Preventing the sexual exploitation or abuse of children and young people can often be a daunting challenge.

It is extremely important to recognise your own feelings and reactions to the abuse when helping the young person as this will affect your responses to them and the situation.

The traumatic impact of rape, CSE, gang related sexual violence, peer abuse and online grooming can lead the young person to self harm as a way of coping with overwhelming feelings of distress. They may be suffering the short term impact of the exploitation such as flashbacks, anxiety, depression and dissociation and may be secretly self harming as a negative coping mechanism.

Many young people who have experienced sexual exploitation are fearful of the consequences of disclosure due to factors such as family pressure or shame of family finding out, or fear of gang related violence or further digital exploitation.

The longer term impact of the abuse may lead to increased suicide ideation or an entrenched sense of hopelessness and ongoing mental health issues if they do not get an effective intervention from services. They may get trapped in a spiral of disadvantage if they miss school or college due to the abuse and may be vulnerable as a result to further exploitation.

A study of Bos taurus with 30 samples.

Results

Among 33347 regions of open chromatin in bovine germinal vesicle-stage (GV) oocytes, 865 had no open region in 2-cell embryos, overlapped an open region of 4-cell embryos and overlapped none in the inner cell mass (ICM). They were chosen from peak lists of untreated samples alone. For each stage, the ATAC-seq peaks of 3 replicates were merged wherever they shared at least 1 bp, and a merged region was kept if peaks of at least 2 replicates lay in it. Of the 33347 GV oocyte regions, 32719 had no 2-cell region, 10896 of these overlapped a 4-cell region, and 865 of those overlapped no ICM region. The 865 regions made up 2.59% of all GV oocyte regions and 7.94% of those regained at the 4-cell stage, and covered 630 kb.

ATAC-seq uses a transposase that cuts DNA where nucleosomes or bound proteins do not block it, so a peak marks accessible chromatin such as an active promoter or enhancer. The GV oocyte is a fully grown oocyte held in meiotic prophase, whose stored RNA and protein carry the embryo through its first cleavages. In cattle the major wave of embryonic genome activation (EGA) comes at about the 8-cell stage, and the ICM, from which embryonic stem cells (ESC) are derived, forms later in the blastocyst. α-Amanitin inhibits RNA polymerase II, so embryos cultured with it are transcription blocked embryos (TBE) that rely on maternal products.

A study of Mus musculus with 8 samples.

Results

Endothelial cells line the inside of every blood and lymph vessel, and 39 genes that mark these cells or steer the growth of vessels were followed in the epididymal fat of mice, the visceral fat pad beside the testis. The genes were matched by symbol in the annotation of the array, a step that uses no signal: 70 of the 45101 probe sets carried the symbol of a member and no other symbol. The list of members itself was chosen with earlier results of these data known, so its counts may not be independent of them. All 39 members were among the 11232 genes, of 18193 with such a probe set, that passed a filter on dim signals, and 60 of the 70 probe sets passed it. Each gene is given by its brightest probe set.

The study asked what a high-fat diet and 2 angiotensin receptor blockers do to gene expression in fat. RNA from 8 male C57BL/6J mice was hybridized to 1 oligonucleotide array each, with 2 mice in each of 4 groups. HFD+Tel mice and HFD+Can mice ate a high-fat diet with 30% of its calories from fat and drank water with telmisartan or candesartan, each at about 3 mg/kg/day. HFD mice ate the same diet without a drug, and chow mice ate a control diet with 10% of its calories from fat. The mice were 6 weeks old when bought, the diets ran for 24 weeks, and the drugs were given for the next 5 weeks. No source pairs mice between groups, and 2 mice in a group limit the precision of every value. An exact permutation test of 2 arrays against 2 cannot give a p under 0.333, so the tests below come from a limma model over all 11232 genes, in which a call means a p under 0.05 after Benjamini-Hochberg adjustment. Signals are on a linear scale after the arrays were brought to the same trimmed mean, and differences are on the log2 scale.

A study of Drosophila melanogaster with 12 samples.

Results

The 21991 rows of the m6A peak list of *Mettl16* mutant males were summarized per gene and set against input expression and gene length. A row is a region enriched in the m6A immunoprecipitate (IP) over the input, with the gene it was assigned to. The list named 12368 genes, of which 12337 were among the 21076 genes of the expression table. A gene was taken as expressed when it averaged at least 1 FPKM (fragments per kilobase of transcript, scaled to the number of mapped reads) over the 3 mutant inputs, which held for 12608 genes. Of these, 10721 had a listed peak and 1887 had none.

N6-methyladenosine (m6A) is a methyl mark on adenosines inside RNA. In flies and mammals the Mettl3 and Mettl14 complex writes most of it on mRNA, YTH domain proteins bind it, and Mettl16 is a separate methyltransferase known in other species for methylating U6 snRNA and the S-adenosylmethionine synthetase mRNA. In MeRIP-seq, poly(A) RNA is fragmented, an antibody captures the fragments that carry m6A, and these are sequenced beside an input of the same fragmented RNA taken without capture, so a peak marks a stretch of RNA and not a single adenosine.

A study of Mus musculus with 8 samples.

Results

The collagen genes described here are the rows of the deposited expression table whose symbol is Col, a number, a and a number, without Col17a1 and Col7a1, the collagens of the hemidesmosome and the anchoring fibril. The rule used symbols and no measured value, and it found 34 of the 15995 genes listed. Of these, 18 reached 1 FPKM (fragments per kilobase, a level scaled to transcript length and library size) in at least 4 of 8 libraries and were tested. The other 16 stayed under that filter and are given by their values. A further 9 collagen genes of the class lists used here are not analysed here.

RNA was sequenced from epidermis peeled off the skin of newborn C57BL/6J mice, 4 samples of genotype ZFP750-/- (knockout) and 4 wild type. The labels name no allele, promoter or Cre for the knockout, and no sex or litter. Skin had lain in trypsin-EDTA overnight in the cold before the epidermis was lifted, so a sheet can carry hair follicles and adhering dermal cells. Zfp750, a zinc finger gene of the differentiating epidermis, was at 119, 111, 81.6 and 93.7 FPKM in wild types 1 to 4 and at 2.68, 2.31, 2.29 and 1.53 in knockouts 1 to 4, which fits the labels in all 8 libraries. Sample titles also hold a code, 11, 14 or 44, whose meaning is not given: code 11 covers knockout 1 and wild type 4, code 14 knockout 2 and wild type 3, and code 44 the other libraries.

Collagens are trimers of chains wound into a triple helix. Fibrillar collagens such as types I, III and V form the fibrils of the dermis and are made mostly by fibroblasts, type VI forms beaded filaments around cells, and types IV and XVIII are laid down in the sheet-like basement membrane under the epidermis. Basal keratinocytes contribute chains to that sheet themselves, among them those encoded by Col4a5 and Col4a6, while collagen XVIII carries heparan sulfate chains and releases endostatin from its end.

Interventions should be focused on both the current conditions that the young person is in such as any ongoing risks, together with support for the emotional impact. If the criminal justice system is involved they may be ineligible for counselling or have this stopped at the point they may need it most. So in addition to therapy please also look for opportunities that include structured help and those with positive peer groups.

With the right support at the right time, young people who have been sexually exploited can go on to build their emotional resilience, strengthen their vulnerabilities and achieve good outcomes. It is important that you, as their supporter, get the help you need in terms of talking through any secondary trauma and having good self care so that you can be patient, consistent and positive in your intervention.